Google sets sights on TV, Cars and Watches
On Wednesday, Google delivered their most high-aiming plans yet, with their sights set on TV’s, cars and watches to be the next thing to be developed. The event was extremely well-attended, with over 6000 developers, bloggers and journalists in attendance.
Google is aiming to retain their place at the forefront of technology, by demonstrating their interest in production of Google Nest Lab’s, a first step towards connected ‘Smart Home’ devices. Google announced that it has created a program that allows outside developers to fashion software and ‘new experiences’ for its projects.
They also released their new version of Android, named Android L, which will be rolled out later this year.
Android L is set to bring huge performance increases, including “PC-Like Gaming” as well as new controls to optimise battery life. It has been perfected to ensure a seamless transition through all devices, enabling users to check email on their smartwatch, answering it on a smartphone then deleting it on their computer.
Link is up – 25 Years since Australia connected permanently to the internet
This week, twenty-five years ago, Australia was connected to the Internet for the very first time, thanks to NASA. The transmission was established on a slow speed by today’s standards of 56 kilobits per second, but was enough for NASA’s Internet expansion program. The program was funded by the US Federal Networking Council.
Prior to the connection, it would take three days for a message to be transferred across the country. Robert Elz, a researcher from the University of Melbourne, leveraged the “dial-up” speed connection to send a simple message to his Hawaiian peer: “Link is up”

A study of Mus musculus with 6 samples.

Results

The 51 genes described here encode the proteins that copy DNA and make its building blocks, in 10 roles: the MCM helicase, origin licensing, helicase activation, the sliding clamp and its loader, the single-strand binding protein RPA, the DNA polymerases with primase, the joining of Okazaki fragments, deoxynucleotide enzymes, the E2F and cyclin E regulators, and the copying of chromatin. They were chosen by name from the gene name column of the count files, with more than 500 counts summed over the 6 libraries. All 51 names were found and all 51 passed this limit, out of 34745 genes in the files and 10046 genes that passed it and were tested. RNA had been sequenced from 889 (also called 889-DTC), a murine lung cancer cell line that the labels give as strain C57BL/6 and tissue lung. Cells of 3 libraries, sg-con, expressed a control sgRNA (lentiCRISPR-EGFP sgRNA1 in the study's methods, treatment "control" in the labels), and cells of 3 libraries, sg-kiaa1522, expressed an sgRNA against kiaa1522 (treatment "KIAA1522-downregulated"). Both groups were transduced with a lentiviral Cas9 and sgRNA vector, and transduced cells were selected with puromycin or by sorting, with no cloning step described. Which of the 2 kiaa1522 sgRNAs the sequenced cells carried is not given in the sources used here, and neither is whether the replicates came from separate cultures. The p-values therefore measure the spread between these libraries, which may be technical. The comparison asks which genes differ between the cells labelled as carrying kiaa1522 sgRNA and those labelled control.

Melbourne was the first city to be connected, followed by Sydney, and then the other state capitals.
Wayne Fitzsimmons, chairman of the Pearcey Foundation, said that Robert was a "true Aussie pioneer that got on with the job."
NSW Government sets out new standards for mobility
The NSW Government has developed a new state of technical standards, governing how agencies procure mobility solutions, as it trials new contracts for the delivery of as-a-service solutions.
The announcement included a shift towards a service orientation for ICT, as part of its IT Strategy 2012, in order to reduce duplication and promote a whole-of-government approach to IT.
The government is also attempting to enforce that agencies consider cloud-based services for new IT procurements, and have written cloud technology into their policy.
The “as-a-service” solutions set a common base requirement for solutions being purchased by NSW Government agencies. The first of the new standards-based approach is to be tested is mobility. The standards include configuration management, security management, and service management of mobile devices.
The standard will be reviewed in 12 months time, the Office of Finance and Services said.